Army ends forced shaves for Sikh soldier Bronze Star recipient allowed to wear religious beard and turban while serving
Ryan Colby 202-349-7219 email@example.com
WASHINGTON, D.C. – Captain Simratpal Singh won a temporary religious accommodation today, allowing him to maintain a beard and wear a turban according to his Sikh faith while serving in the Army. The accommodation comes in the nick of time, as Capt. Singh reports to his new post in Fort Belvoir, Virginia later today. This is only the fourth time the military has granted such an accommodation since it imposed a ban in the early 1980s. The Religious Freedom Restoration Act (RFRA) created the legal path for Captain Singh’s personal accommodation. But the Army’s general beard ban continues to keep other patriotic Sikhs out of the military.
“My Sikh faith and military service are two core parts of who I am,” said Captain Singh. “I am proud to serve my country as an Officer and I look forward to being able to continue serving without having to give up my religious beliefs.”
Maintaining uncut hair and wearing a turban are core tenets of the Sikh faith, signifying the inherent dignity and equality of every individual. Although the Army has granted nearly 50,000 permanent exemptions to its beard ban for medical reasons, it still refuses—except in rare cases—to admit soldiers who wear beards for religious reasons.
“Anyone who observed our unshaven special forces in Afghanistan knows a beard won’t stop an American soldier,” said Eric Baxter, Senior Counsel at Becket, which represents Captain Singh. “Now the Pentagon just needs to make Captain Singh’s exemption permanent. In fact, it should explain why it is using the beard ban to discriminate against any Sikh American.”
Captain Singh graduated West Point with honors and then served in Afghanistan, where he was awarded the Bronze Star for his work clearing IEDs. In addition to later earning his Master’s degree through the Army, Captain Singh completed both Ranger School and Special Forces Assessment and Selection Course — a rare accomplishment.
While Captain Singh can now report for duty maintaining his articles of faith, this accommodation is only temporary. Questions remain whether he will be issued a permanent accommodation or if the military will finally exempt all religious beards from its general ban, as it should.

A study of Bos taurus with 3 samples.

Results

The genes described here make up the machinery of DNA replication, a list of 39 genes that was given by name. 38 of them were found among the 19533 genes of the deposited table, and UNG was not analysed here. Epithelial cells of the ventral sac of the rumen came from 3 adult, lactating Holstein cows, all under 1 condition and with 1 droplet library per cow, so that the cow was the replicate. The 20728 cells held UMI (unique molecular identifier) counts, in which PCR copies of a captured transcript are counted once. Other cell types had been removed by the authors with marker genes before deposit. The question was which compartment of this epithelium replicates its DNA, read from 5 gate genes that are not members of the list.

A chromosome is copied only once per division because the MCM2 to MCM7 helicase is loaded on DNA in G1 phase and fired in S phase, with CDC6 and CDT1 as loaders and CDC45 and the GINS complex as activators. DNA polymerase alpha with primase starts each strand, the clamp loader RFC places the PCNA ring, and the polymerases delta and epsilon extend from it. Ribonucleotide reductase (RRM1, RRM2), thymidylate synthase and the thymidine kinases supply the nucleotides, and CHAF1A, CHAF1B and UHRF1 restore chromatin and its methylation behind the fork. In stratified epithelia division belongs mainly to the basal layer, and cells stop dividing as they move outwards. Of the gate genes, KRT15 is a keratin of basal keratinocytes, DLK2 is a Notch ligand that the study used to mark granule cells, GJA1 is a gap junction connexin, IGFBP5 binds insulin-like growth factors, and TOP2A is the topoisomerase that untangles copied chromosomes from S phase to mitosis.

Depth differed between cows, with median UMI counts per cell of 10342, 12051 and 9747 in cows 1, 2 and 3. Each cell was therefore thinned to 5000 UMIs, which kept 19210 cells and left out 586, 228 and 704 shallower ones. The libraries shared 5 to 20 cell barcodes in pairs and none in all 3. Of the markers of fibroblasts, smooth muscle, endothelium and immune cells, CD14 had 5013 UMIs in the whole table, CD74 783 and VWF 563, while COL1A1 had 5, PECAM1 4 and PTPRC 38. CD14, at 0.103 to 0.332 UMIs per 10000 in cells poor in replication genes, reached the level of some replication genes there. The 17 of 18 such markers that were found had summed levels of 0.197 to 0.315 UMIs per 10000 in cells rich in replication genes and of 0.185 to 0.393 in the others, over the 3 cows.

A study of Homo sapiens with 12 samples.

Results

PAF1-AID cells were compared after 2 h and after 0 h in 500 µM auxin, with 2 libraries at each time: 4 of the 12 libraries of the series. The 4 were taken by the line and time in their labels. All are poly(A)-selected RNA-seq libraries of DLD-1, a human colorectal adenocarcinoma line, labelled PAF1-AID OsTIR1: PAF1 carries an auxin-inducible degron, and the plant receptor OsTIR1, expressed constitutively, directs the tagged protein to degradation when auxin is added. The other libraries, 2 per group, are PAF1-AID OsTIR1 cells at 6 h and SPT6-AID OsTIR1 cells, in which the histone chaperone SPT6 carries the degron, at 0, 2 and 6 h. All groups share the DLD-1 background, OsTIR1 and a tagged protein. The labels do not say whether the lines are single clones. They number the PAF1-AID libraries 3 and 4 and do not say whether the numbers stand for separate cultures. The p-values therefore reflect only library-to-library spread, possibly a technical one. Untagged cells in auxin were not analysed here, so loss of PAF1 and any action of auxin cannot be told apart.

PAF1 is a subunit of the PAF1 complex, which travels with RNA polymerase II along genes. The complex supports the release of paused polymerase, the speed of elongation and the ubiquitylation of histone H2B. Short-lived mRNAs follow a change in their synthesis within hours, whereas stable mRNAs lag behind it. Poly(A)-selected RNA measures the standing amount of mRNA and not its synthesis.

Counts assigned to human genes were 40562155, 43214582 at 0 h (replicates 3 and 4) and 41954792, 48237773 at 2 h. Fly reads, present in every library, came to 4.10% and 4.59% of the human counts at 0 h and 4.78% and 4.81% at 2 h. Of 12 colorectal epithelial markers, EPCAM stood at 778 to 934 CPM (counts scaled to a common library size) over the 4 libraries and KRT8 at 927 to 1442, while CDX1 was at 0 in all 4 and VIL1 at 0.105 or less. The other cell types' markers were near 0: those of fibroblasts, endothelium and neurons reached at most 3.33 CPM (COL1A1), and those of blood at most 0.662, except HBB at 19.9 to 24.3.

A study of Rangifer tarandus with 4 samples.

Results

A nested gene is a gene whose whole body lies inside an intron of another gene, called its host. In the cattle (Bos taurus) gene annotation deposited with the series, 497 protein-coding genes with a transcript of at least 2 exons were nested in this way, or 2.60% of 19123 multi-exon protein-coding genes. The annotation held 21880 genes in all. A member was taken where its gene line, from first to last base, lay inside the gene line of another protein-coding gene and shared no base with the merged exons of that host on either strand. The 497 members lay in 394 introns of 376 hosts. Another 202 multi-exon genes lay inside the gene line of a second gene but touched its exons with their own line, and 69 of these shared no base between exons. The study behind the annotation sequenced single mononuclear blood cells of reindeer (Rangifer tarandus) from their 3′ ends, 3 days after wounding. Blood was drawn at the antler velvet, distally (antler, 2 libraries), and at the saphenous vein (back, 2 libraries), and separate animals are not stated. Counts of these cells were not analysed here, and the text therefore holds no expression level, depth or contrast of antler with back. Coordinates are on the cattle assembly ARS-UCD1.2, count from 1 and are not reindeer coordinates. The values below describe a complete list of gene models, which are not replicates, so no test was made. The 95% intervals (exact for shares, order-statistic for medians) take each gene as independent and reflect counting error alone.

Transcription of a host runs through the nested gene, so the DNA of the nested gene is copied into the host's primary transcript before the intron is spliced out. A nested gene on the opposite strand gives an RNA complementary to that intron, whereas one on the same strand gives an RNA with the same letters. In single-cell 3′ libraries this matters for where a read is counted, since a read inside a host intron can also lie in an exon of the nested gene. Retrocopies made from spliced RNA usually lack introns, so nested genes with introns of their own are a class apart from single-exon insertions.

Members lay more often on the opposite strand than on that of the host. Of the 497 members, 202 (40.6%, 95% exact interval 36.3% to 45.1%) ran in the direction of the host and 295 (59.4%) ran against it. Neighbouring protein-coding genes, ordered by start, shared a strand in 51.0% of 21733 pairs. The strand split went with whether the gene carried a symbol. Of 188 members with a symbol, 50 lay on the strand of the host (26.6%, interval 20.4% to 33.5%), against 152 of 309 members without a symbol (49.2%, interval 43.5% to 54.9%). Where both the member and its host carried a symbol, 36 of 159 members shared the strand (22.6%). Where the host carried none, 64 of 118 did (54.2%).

“It is once again clear to military leadership that nothing about the Sikh articles of faith actually prevents excellence in military service,” said Harsimran Kaur, Legal Director for the Sikh Coalition, which serves as co-counsel for Captain Singh. “Captain Singh is another example that illustrates how unnecessary the religious discrimination ban on Sikhs is.”
For more information or to arrange an interview with a Becket attorney, please contact Melinda Skea at firstname.lastname@example.org or 202.349.7224. Interviews can be arranged in English, Chinese, French, German, Portuguese, Russian, and Spanish.
Becket is a non-profit, public-interest law firm dedicated to protecting the free expression of all religious traditions. For over 20 years, it has defended clients of all faiths, including Buddhists, Christians, Jews, Hindus, Muslims, Native Americans, Sikhs, and Zoroastrians. Its recent cases include three major Supreme Court victories: the landmark ruling in Burwell v. Hobby Lobby, and the 9-0 rulings in Holt v. Hobbs and Hosanna-Tabor v. EEOC, the latter of which The Wall Street Journal called one of “the most important religious liberty cases in a half century.”